Painters Simone Kennedy-Doig and Antonia Showering capture the pastoral dreams and urban realities of young Londoners

David Pagel, Los Angeles Times, September 11, 2018

Review of the exhibition Simone Kennedy Doig & Antonia Showering, Baert Gallery, 2018.


The paintings by London-based artists Simone Kennedy-Doig (b. 1994) and Antonia Showering (b. 1991) don’t look anything like one another. But at Baert Gallery in downtown Los Angeles, their pairing makes for a quietly insightful exhibition that rewards visitors who look beyond the obvious. Organized by guest curator Louis Blanc-Francard, also from London, its thoughtfulness is infectious.


Kennedy-Doig uses saturated colors and blocky shapes to bring viewers into her East London neighborhood, where many immigrants from Trinidad live. Like urban communities everywhere, elements unique to the place (local bars, clothes and automobiles) appear alongside generic features (fast-food chains, crowded streets and public toilets).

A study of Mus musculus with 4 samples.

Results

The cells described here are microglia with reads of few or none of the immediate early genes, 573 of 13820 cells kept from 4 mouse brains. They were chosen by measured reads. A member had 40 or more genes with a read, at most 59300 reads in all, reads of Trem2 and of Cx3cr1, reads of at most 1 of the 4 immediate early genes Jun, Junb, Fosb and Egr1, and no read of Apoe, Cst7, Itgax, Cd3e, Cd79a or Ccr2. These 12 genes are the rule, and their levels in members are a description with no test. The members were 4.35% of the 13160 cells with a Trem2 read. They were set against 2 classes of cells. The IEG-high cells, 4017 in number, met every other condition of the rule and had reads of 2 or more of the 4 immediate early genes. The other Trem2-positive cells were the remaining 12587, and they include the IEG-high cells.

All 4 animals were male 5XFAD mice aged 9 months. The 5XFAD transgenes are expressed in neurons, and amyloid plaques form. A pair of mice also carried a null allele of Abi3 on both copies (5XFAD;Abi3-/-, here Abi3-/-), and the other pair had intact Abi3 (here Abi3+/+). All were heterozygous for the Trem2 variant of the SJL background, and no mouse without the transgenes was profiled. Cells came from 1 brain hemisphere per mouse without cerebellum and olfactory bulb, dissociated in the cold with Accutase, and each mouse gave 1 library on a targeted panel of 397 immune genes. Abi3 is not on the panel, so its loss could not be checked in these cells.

Young women trying to find their place in the mix is Kennedy-Doig’s big subject. And she handles it masterfully, painting friends and strangers engaged in everyday activities as they search for epiphanies amid the confusion. Her nearly life-size figures appear to pop from the picture plane.


In contrast, Showering paints with a light touch, often creating diaphanous landscapes that recede into the distance. The golden tones of her oils on canvas, accented by wine reds and seasoned greens, make you feel as if you are looking into her inner world, where bittersweet memories swirl around pleasant reveries about how life might turn out.


The figures in Showering’s paintings — along with the mountains, rivers and forests — are dreamy, almost ghostly. Her brush stokes — both quick and confident — bring just the right kick of precision, making for images that resonate in the mind’s eye long after you see them in the flesh. Her love of late 19th and early 20th century European painting is palpable.


Despite significant differences in style, subject and paint handling — as well as attitude and outlook — both artists invite us to ponder the elusiveness of identity, particularly as it plays out along the permeable borders between appearances and reality.